Huge respite for Newcastle – ArcelorMittal reverses decision to close, cut 3 500 jobs

ArcelorMittal South Africa extends operations of its Longs Business beyond the planned wind-down period to ensure sustainability. Despite challenging market conditions, manufacturing sector growth shows promise, supported by stable power supply. Short-term initiatives address operational efficiency and cost structures. CEO Kobus Verster reaffirms commitment to securing Longs Business sustainability amidst ongoing challenges.


Issued by ArcelorMittal South Africa Limited

Johannesburg, Tuesday 02 July 2024 ArcelorMittal South Africa today announced that its Longs Business will continue to operate beyond the initially deferred wind-down period, as the company pursues a range of initiatives aimed at securing its long-term sustainability. This decision comes in the wake of the February 2024 announcement to defer the wind-down of the Longs Business for up to six months, allowing time to progress and conclude identified short-term interventions while developing additional medium- and longer-term sustainability measures. 

Sustainability and growth in the manufacturing sector 

Despite overall weak market conditions and difficult trading environments, the manufacturing sector has shown some encouraging signs of growth. Manufacturing production increased by 5.3% year-on-year and 5.2% month-on-month in April, marking the largest monthly increase since August 2021. The absence of load-shedding, if sustained, is  expected to contribute further to this improvement. The latest manufacturing growth forecast for 2024 stands at 1.1%  year-on-year. 

Recent increases in power generation, coupled with renewable energy projects scheduled to come online over the next two years, suggest that the drag on economic growth caused by electricity shortages should gradually diminish,  facilitating structurally higher production levels. 


The Board and Management of ArcelorMittal South Africa remain acutely aware of the potential impact that closing the Longs Business would have on the beneficiation and manufacturing value chain, overall industrialization in the country, jobs, and the local economy, particularly in KwaZulu Natal. The immediate impact on the Unemployment  Insurance Fund alone could run into billions of Rands. 

Kobus Verster, Chief Executive Officer of ArcelorMittal South Africa, commented: “Despite progress being slower than anticipated and some disappointments along the way, we are committed to fully exploring all avenues to secure the sustainability of our Longs Business. We will continue to work closely with our customers, suppliers, and  stakeholders to ensure the sustainability of long steel products supply in the Southern African region.” 

The Longs Business remains fully operational, with all facilities continuing to operate and effectively servicing its markets and customers. Progress on short-term initiatives includes: 

Scrap Advantage: The expiration of the steel scrap export ban in December 2023 has initiated a process to bring greater fairness and equity into the input cost structures between integrated and scrap-based primary steel producers. 

Port and Rail Efficiency: Transnet’s performance for ArcelorMittal South Africa has improved. Negotiations to guarantee port and rail service efficiency are at an advanced stage, with only a few key matters yet to be resolved.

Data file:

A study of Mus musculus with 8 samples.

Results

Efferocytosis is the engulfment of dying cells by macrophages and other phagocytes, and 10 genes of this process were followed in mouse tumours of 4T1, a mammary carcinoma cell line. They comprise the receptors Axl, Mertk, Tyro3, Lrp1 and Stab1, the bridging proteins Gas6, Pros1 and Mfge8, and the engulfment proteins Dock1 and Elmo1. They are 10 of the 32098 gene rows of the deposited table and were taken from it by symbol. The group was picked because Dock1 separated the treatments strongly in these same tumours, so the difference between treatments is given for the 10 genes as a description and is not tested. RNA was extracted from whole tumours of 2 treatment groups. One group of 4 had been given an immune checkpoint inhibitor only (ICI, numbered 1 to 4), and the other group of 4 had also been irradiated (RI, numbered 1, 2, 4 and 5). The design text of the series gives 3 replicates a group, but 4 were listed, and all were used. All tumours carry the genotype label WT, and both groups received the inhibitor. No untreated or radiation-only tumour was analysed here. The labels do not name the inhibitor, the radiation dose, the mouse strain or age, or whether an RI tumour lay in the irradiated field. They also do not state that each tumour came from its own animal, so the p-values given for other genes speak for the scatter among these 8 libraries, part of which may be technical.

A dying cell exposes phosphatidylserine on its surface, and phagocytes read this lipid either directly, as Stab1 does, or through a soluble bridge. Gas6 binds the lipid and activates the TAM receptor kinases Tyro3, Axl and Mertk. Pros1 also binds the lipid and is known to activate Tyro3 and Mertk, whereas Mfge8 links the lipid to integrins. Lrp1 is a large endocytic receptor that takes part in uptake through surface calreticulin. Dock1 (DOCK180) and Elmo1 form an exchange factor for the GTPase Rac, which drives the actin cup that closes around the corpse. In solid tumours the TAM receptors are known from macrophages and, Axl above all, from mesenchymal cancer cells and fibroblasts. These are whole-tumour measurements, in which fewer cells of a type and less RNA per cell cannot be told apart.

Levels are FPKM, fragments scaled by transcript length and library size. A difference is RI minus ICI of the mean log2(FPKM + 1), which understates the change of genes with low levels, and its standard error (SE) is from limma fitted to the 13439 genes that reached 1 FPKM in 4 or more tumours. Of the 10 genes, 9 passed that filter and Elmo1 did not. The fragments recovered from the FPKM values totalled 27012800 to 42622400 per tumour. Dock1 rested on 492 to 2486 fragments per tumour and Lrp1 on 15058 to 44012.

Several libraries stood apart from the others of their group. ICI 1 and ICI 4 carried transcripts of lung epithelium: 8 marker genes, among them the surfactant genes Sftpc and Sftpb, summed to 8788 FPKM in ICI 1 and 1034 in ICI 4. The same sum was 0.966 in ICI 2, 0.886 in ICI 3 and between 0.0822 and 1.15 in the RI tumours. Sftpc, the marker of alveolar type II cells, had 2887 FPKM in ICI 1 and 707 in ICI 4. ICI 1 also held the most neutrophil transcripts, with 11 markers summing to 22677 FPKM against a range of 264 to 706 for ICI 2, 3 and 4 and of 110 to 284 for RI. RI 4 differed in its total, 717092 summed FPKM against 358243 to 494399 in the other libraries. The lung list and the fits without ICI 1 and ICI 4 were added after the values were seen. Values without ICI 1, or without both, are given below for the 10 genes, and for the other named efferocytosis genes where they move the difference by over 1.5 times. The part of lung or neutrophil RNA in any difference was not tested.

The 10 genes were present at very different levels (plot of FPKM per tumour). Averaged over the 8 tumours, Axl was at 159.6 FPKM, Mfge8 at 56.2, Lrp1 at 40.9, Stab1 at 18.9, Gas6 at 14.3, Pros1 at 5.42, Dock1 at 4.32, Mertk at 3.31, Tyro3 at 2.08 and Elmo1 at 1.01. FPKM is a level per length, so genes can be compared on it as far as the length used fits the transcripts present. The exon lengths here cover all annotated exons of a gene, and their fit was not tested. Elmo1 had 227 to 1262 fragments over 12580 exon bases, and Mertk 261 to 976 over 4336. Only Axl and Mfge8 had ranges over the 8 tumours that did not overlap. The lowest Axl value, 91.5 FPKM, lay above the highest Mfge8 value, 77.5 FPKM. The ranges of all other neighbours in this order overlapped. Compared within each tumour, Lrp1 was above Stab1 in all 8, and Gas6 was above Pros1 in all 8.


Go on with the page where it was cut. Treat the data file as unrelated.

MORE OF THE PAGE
• Trade Normalisation: In response to global steel market oversupply, South Africa has shown renewed determination to ensure a level playing field for local manufacturers. A provisional safeguard duty of 9% is to be implemented on certain hot rolled steel products by the International Trade Administration Commission (ITAC).

Working Capital: The company has successfully obtained an additional 12-month, secured working capital facility of R1 billion to support ongoing initiatives and continued operations. 

Labour Discussions: Disappointingly, discussions with organized labour to reduce the cost structure of the  Longs Business were unsuccessful, as trade unions rejected efforts to find solutions that would have enhanced the company’s competitiveness.

While these short-term initiatives only partially address the structural sustainability of the Longs Business, progress is being made on medium- and longer-term interventions. These include advancing local mineral beneficiation policies for iron ore to supply regional demand and promoting local supply for local demand in key economic sectors and  State-owned Enterprises. 

Operational update 

The Longs Business has maintained operational stability throughout the first half of 2024, a testament to the dedication of operating teams despite uncertainties about the business’s future. 


To manage the situation, procurement supply chains were sharply contracted, and short working hours were  implemented at semi-idled plants to control fixed costs. Intensive cash management actions were bolstered to  preserve liquidity. Recovery plans for H2 2024 include a rescheduling of the Blast Furnace C shotcrete and hearth  repair to later in the year. 

Financial outlook 

With the Longs Business broadly performing within expectations, the financial results for the six months ended 30  June 2024 are expected to be negatively impacted by challenging domestic and regional trading conditions, as well as the operational interruptions at the Vanderbijlpark blast furnaces. However, due to intensive cash management actions, the net borrowings position is anticipated to remain within tolerable levels. The second half of 2024 is expected to more accurately reflect the underlying business performance.